Marc Marquez says he’s now at the stage of his Ducati adaptation where he is looking for “the last three tenths” to be on par with the leaders in MotoGP.

Marc Marquez, Gresini Racing

Photo by: Gold and Goose / Motorsport Images

The eight-time grand prix world champion ended pre-season testing in Qatar on Tuesday fourth overall and just under four tenths off the pace set by factory Ducati rider Francesco Bagnaia.

That came despite a first crash on the Gresini Ducati, which he says was the result of him exploring the limits of the GP23 for the first time.

Analysing his pre-season, Marquez noted “it’s always in racing we say the last three tenths are the most difficult ones” and this is now what he is looking for.

“I mean, of course you never want to crash, and you want to stay on the bike,” he said.

“But it’s true when I crashed I saw that I was going wide, I was going too fast in but I said ‘ok, where is the limit of this bike’ and then I did the long run of 12 laps and was planned to arrive at 18 laps more or less.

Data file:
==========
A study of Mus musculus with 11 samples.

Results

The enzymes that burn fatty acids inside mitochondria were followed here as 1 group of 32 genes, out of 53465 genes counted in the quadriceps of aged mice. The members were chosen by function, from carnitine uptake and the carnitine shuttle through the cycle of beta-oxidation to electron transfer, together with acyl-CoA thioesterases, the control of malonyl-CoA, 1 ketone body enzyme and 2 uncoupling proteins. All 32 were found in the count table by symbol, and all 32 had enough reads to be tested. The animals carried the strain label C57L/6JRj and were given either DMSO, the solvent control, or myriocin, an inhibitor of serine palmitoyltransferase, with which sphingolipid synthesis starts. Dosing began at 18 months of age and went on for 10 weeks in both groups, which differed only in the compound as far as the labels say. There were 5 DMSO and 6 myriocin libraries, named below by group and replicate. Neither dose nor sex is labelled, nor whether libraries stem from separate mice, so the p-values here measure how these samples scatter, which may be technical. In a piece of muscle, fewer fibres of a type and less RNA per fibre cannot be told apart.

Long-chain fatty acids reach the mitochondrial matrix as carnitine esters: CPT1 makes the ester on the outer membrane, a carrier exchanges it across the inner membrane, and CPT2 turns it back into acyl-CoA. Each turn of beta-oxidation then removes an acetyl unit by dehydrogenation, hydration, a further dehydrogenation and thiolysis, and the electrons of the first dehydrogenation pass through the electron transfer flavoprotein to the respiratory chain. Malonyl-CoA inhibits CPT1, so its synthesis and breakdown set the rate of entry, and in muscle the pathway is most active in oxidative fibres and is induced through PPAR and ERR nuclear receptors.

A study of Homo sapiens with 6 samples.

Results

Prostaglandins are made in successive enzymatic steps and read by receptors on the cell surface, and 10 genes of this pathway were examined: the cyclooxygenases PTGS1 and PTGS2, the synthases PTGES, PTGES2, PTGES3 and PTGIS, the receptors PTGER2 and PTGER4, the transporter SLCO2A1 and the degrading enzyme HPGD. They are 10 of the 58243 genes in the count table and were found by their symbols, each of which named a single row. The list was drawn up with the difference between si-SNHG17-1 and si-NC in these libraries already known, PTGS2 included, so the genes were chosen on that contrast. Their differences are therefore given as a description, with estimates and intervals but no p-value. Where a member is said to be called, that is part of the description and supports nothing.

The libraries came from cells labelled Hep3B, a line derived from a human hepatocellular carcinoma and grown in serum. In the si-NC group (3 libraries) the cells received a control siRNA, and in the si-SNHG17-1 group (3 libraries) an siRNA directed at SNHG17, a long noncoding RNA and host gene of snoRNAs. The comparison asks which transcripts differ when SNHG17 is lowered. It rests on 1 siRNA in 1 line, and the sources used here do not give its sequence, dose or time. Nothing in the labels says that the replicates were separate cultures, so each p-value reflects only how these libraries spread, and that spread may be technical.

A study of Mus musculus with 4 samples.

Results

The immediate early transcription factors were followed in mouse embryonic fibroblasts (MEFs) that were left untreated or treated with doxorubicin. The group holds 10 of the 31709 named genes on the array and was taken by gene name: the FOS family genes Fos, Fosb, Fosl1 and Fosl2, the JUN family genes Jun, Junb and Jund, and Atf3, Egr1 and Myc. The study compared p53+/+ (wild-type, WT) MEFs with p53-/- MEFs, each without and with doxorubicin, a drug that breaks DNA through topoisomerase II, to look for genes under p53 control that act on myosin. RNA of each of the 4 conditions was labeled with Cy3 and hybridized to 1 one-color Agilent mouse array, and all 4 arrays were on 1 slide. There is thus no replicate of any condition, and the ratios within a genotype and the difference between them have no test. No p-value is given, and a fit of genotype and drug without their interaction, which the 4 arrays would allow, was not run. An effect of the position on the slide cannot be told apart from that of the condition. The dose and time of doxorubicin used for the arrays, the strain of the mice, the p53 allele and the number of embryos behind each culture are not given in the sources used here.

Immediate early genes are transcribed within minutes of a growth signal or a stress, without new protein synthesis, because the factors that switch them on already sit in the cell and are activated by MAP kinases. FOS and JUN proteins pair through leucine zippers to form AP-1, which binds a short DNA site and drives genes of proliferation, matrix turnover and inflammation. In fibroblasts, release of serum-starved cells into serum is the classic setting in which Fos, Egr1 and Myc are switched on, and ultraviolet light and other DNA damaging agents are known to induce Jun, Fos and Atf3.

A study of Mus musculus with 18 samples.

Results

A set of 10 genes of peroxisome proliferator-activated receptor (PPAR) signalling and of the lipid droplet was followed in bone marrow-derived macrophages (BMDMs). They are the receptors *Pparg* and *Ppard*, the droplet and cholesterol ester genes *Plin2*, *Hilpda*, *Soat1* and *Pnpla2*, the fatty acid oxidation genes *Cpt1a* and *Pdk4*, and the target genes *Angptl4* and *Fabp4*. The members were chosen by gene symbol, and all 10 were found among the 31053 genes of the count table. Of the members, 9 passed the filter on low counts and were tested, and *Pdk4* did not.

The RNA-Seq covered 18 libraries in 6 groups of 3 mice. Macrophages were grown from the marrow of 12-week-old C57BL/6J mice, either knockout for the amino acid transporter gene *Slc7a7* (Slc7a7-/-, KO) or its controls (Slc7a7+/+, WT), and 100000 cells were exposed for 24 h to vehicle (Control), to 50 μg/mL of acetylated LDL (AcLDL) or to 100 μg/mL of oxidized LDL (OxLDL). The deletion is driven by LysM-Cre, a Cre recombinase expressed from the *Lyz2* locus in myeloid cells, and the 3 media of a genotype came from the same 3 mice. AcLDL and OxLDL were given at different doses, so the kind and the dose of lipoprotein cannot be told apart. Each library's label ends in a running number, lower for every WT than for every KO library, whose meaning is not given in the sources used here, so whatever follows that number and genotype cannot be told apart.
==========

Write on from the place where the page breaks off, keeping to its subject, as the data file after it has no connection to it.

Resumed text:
“But then I said ‘ok, no remains five laps, I will try to increase one step’. But maybe I increased it in one point we cannot do on this bike.

“So, I lost the front in Turn 4, but it’s important to understand this because until now I was riding very smooth and consistent but never attack in the last tenths.

“It’s always in racing we say the last three tenths are the most difficult ones.

Marc Marquez, Gresini Racing

Marc Marquez, Gresini Racing

Photo by: Gold and Goose / Motorsport Images

“So, it’s there where I am now, I’m two, three tenths, even four sometimes, behind the top guys. And now I have to understand how to be closer.”

Marquez says he’s “happy” with the progress he has made, but admits there are at least three riders much faster than him right now heading into the opening round of the season in March.

“Yeah, I mean it’s no secret: during all the pre-season I was super calm, because I know that [it’s] step by step, no panic, just sometimes I was super far but trying to understand all the steps I do because it’s a new bike and was important,” he added.


“It’s true that the lap time is not there because there was a problem with my transponder, but it was ok.

“Also, the first crash arrived, but that’s normal because I increased that risk on the bike.

“Apart from that, I’m happy. Still there are three, four, five riders faster than us, especially [Jorge] Martin, [Francesco] Bagnaia, [Enea] Bastianini are faster than us.

“But let’s see. Today I was closer than Malaysia, so step by step we need to understand the way to learn from them.”